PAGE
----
Sometimes it seems as though everywhere you look some Internet service provider is advertising lightning-fast broadband. Internet providers offer speeds in the double digits and charge accordingly. Why, then, is your broadband so slow? If your Internet speed isn’t keeping up with the hype, there are some things you can do to make it faster.
Use a Hard-Wired Connection
Wireless connections are convenient, but you pay for that convenience with a loss of speed. If you have a choice, always connect to your modem or router using an Ethernet cord. Your connection will also be more secure.
Don’t Split Your Signal
Every device you have connected to the Internet divides your speed. This is true even if some of the devices belong to your neighbors because you didn’t secure your router with a good, hard-to-crack password, so make sure your wireless connection is secured. Then take a quick mental tour of all the wireless devices you have. Don’t forget smartphones, video game systems, eReaders, televisions and tablets as well as any laptops or PCs you routinely leave on and connected.
Beware of Invisible Barriers
Your wireless router is basically a low-powered radio transmitter and the wireless adapter in your device is just a receiver. Radio signals are highly susceptible to interference from electromagnetic fields (EMFs). When your wireless signal is constantly being interrupted and reconnected, the effect is a browser that seems to crawl at a snail’s pace. Virtually anything that runs on electricity can interfere with your router’s efforts to send a signal to your wireless device. However, some of the biggest culprits are electronics, ceiling fans, space heaters and cordless phones. Keep electrical items three feet away from your router. Do the same for your laptop or other wireless device.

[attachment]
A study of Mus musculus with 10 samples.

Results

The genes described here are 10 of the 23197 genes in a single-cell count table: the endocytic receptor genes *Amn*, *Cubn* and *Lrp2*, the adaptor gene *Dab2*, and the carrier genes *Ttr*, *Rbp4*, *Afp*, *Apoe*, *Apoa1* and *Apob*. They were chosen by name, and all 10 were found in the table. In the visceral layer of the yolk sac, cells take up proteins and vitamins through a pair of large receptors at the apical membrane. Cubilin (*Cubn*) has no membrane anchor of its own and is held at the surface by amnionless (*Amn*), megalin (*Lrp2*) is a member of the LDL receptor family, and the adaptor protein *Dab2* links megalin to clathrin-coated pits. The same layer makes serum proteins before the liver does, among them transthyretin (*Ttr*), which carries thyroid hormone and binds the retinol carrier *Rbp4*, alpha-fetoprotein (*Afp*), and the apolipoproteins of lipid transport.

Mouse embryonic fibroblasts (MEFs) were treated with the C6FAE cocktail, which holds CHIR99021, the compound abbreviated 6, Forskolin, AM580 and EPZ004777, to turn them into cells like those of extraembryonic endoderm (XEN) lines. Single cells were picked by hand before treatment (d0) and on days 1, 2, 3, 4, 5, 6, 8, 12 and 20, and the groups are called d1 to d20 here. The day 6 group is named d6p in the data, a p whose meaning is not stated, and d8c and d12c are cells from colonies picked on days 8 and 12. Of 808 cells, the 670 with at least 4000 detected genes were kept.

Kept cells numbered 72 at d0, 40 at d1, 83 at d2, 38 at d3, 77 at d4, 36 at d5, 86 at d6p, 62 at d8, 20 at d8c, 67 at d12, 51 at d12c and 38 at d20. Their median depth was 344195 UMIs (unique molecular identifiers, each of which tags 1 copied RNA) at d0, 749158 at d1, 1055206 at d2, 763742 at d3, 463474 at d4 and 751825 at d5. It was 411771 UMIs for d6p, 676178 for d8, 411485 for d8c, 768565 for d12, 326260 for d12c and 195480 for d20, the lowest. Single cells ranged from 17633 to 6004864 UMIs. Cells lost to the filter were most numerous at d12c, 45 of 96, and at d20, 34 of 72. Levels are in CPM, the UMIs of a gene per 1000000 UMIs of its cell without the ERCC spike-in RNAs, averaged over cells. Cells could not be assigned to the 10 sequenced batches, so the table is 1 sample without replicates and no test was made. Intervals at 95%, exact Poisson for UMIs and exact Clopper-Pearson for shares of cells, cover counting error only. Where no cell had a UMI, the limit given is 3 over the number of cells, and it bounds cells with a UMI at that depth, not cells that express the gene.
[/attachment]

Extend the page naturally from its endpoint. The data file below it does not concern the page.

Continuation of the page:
EMFs aren’t the only barriers that can block your wireless signal. If you’ve ever tried to listen to an AM/FM radio from within a metal building, you know that metal blocks radio signals. In some areas, it’s common for builders to embed metal mesh within the plaster of interior walls. The result is an obstacle course your wireless signal may not be able to overcome. You can add a signal booster, but in some cases, your wireless signal will never be adequate. If that is the case, try running Ethernet cables directly from your modem or router to your wireless device.
With a little tinkering, you can make sure you are getting the most from your broadband connection. If these steps don’t work, try troubleshooting your PC or laptop in safe mode to make sure the problem isn’t in the device itself.